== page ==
My Monroad Trip Paintings and Reflections

The following pieces are four of my favorite paintings that I created for this project and I feel that they represent a culmination of all of the work I put into this project. My first few paintings were incredibly bad, but over the course of painting more, I began to feel significantly more comfortable with the watercolors and happier with what I produced. I feel that I successfully captured the lighting in the environments I observed and in doing so have done some justice to the amazing views I witnessed.

This painting is of the sunrise over Two Medicine Lake in Glacier National Park. The sun is not in view in this picture, but its pink and orange light was reflected in the lake and illuminated the clouds and the fog that was in front of these mountains. I feel that by staying true to the colors I saw, I have effectively captured the mood of the sunrise that I observed.image7

This next painting is also from Glacier National Park, however it is based off a photo looking down into a valley that I took in the middle of the day. My favorite parts of this painting are the clouds and the way the shadows cast by them contrast dramatically with the highlights on the mountain faces.


This painting was taken later in the afternoon from the train window looking out at plateaus in Utah. The photo of these plateaus was taken in the late afternoon prior to the sunset, which is why the shadows are incredibly purple and the tips of the mountains are starting to get a red-orange glow. This is probably my favorite painting due to the details and the complementary yellows and purples.image2

This last painting was taken out of my window on the train as we passed through North Dakota. The sun was starting to set and so the tips of the hills have started to get a reddish glow and the shadows have begun to grow longer.image13

One of the biggest things that this project taught me is how to simply observe. I am so used to a fast pace of hurriedly doing or seeing things, without paying too much attention to the environments that I’m in. Even if I were to go somewhere to intentionally be in nature or see pretty views, I rush through incredibly pretty spaces, consuming as I go, in order to get to the next view or activity. At the top of mountains after long hikes, I may look at the view for a short time but quickly am ready to move on. However, being stuck on a train for so long, I was able to truly immerse myself in the environment and simply observe and absorb. I am so infrequently this passive in how I intake information, visual or otherwise. Through this, I was able to be overcome with awe and appreciation more than I usually am. By deliberately noticing both the big picture of amazing views and the tiny details that composed these sights, I was able to really appreciate the intricacies and beauty of nature.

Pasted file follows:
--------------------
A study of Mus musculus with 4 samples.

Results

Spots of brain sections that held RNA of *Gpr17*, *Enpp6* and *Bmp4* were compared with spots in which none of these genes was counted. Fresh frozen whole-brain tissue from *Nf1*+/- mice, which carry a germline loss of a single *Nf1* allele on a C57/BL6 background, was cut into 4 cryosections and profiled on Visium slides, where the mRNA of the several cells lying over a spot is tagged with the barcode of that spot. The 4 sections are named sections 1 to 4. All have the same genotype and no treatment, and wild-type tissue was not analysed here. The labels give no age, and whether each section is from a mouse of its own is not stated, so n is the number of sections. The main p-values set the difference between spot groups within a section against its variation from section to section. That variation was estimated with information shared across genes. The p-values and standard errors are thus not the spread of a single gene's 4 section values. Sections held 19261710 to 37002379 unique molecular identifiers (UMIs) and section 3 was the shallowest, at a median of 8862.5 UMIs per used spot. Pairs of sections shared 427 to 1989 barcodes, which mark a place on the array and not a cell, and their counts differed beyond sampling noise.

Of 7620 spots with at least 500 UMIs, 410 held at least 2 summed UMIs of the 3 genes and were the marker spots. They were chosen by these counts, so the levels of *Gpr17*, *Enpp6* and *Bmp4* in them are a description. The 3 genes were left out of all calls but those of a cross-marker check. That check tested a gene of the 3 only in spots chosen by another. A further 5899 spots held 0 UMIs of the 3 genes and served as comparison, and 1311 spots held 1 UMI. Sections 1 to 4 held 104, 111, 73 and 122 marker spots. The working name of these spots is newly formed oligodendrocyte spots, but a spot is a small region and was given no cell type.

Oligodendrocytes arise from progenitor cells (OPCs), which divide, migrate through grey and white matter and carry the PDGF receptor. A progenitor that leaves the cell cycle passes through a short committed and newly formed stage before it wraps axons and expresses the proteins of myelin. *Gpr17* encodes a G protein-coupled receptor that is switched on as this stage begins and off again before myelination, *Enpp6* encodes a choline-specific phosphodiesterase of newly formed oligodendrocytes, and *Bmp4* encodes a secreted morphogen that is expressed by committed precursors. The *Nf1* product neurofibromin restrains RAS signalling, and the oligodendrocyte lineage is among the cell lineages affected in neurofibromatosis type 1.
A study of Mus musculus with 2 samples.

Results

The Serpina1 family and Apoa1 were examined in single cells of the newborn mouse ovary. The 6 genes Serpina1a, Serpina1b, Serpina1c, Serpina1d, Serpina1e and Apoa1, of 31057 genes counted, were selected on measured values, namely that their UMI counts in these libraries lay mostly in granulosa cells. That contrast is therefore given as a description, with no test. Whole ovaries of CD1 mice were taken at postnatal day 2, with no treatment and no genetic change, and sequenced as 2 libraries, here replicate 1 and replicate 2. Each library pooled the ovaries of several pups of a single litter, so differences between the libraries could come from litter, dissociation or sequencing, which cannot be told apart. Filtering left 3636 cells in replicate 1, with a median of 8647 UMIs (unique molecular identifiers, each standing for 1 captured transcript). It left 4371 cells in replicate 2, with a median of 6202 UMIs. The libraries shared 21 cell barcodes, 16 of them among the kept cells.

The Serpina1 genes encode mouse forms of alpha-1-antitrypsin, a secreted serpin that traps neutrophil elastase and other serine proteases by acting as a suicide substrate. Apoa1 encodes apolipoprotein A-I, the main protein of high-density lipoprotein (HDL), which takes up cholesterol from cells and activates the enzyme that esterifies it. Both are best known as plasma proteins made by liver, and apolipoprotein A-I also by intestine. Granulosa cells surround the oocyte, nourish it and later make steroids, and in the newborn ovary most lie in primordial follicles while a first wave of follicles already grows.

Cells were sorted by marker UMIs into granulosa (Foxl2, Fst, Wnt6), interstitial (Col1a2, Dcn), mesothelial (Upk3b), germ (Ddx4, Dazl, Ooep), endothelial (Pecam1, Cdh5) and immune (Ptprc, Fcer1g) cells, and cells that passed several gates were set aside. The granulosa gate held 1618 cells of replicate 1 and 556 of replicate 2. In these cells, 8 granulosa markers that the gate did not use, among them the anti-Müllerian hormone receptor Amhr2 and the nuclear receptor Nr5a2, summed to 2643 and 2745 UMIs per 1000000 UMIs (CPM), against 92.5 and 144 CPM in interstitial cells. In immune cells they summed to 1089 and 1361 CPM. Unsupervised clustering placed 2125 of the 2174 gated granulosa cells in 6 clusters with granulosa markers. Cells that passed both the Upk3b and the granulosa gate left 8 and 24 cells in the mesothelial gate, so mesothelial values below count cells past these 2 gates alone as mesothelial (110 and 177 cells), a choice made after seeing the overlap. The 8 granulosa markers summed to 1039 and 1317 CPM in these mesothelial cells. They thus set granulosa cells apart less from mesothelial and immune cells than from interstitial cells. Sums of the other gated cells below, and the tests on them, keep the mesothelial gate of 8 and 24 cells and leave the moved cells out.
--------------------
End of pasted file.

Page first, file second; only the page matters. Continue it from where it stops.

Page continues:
This was heightened further through painting these stunning views. I would start with very loose washes of color across the paper that captured the big picture of color and shape. Then, I would carefully analyze the pictures I took, as well as notes I took about the colors that I had observed in real life, dissecting these images into the many complex colors that made them up. This allowed me to accurately depict the highlights and shadows as I had hoped, which I feel was the crucial part of making these photos feel realistic and capture the awe that I experienced. This critical observation also made me appreciate once more the views that I had appreciated while on the train.

This project has influenced my life since the trip and watercolors by making me significantly more perceptive to lighting in environments that surround me everyday. By this point, I am sure that my friends are incredibly sick of me pointing out the way the tips of the trees appear golden right before dusk and all of the beautiful colors that illuminate the clouds throughout the day. However, as I notice things that I would have walked past before, such as the blues and purples that were evident in the shadows filling valleys of sand on the beach as the sunset was approaching, it is impossible for me not to share my amazement.

I now have a better grasp of the fullness of the color that surrounds me everyday and this awareness makes gratitude seem so natural. I am also so incredibly grateful for this entire experience. It has left me with so many great memories in addition to more deliberate and perceptive observation skills. Moreover, I am certainly much better at using watercolors, which had been a goal of mine going into this. Looking back at the complete process of this project, I am completely amazed by it all. What started as a pipe dream one late night in Blair ten months ago turned into the most amazing reality and has impacted my so positively. A quote that I’ve recently found in my journal is that I decided to do this trip because traveling and art make me come alive, and in fact, my soul is most certainly alive right now as I think about all that I have accomplished.